DIY Elevated Garden Bed
Raised bed gardening is a great solution for a small backyard or a beginner gardener. It’s easy to get started with, simple to set up, and looks beautiful.
Raised bed gardening is a great solution for a small backyard or a beginner gardener - it’s easy to get started with, simple to set up, and looks beautiful in your backyard! If you have a smaller space and need a versatile solution, or if you don’t want to build a permanent (or even semi-permanent) structure in your yard, building a mobile, elevated garden bed is a really beautiful solution that can give you tons of space to garden (and is also easier on your back!).
This simple elevated garden bed is very quick to build with some cedar wood and a pocket hole jig. You can click here to get the full tutorial for how to build the garden bed!
Start with your assembled planter
Once the planter was built, I used my Wagner FLEXiO 3000 Paint Sprayer to stain the base of the planter in a rich, black stain. It blends beautifully with our dark fence (also stained with a Wagner sprayer!) and the colors of the plants really pop against the black.
Staining with your Wagner paint sprayer is really easy and makes for an absolutely beautiful finished product. It can be easy to forget that paint sprayers aren’t just for latex paint! I’ve used mine to spray stain and multiple types of sealant and it works like a dream every time.
Stain your piece using these tips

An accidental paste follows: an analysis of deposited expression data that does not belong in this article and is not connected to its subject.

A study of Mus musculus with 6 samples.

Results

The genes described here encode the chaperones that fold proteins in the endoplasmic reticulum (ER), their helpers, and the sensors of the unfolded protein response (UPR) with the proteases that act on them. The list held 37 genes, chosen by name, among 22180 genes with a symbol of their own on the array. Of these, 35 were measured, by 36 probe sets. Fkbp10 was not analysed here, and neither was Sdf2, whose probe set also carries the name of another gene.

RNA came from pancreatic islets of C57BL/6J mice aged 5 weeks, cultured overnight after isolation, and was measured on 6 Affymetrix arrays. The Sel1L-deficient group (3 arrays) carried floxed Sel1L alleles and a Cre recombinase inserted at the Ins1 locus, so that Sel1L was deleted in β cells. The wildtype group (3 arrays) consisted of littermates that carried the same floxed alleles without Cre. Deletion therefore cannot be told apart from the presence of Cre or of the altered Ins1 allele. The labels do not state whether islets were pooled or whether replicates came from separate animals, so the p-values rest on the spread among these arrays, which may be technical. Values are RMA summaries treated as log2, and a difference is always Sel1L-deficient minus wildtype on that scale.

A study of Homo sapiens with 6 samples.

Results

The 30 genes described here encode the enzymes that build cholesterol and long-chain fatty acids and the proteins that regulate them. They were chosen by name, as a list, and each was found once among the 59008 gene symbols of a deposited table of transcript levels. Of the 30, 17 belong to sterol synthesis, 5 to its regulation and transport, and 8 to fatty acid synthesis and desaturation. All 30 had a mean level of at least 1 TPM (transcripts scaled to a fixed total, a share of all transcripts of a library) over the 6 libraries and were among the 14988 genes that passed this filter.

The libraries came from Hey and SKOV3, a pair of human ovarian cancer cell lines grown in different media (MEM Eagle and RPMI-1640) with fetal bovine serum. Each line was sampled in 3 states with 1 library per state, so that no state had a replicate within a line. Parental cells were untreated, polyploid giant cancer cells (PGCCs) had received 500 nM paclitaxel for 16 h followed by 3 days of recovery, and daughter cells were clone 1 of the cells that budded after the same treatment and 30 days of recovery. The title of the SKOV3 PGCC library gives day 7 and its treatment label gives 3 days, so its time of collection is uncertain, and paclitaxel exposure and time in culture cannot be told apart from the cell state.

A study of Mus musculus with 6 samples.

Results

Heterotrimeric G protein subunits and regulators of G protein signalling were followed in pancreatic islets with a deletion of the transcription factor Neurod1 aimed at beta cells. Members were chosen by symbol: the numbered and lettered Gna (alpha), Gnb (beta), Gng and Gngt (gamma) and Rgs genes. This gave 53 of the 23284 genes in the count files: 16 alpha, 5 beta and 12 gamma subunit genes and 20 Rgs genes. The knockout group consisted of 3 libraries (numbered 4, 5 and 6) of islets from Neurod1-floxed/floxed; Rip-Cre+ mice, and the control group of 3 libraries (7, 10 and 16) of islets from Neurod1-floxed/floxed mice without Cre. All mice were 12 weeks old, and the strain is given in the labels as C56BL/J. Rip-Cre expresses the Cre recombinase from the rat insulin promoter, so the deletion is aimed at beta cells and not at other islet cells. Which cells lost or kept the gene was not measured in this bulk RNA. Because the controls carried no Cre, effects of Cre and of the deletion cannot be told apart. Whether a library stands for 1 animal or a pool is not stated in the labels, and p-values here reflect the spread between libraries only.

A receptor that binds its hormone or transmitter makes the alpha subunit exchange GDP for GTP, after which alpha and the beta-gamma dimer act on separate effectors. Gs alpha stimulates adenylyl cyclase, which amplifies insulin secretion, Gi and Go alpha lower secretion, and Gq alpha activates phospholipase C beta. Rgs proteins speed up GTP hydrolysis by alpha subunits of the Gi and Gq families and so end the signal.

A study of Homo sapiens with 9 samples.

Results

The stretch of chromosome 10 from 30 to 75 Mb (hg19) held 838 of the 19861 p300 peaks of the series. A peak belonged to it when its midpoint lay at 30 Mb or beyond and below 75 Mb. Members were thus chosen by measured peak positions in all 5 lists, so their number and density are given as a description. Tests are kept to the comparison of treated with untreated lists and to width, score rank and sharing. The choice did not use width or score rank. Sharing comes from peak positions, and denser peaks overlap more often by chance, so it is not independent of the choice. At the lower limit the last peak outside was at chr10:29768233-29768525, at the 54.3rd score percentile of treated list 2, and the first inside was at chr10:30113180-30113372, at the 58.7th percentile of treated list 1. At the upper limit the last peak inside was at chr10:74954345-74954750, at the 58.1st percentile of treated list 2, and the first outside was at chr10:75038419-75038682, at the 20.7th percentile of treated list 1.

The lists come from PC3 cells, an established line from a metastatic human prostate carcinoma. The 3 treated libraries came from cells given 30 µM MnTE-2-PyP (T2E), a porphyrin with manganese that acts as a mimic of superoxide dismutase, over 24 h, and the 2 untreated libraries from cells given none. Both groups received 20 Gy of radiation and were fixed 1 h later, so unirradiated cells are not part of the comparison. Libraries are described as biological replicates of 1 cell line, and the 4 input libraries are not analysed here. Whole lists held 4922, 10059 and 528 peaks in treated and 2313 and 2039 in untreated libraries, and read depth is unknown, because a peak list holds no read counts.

Here are a few quick tips and tricks for using your Wagner FLEXiO 3000 Paint Sprayer to stain:
- Be sure to start off with the lowest possible settings for both air pressure and material output. Stain is much lighter than paint and is much more likely to have overspray issues if your settings aren’t correct! I always recommend starting with the lowest settings and increasing as needed until you find your sweet spot.
- It’s always important to keep your arm moving and stay close to the material when you’re spraying, but when you’re spraying stain it’s even more important. Drips are much more likely with the thinner material, so proper spraying technique is key! This means don’t get more than 8-10” away from the project you’re spraying, and don’t linger in any one spot for too long.
- Be sure to go back and wipe off excess stain after it sits for 5-10 minutes, just like you would with any other staining project.
- When it’s time to clean up, you’ll need more than just soap and water. Most stain is oil-based, and will require mineral spirits to clean up. I generally add a couple of inches of mineral spirits to the bottom of a five gallon bucket and use that with an old rag to clean off the stain. I alternate between the mineral spirits and soapy water until the sprayer is clean - it’s really no more difficult than a regular cleaning is!
Impress yourself with the results!
If you haven’t ever tried staining with your Wagner sprayer, you’ll be absolutely amazed at how fast it is! It took me less than 5 minutes to stain the entire planter box!
Now, we have a simple, beautiful DIY planter box that we can use all summer (and fall!) long to grow some beautiful herbs, veggies, and flowers!
This sponsored post was created by Love and Renovations. Head to the blog for the full post and details.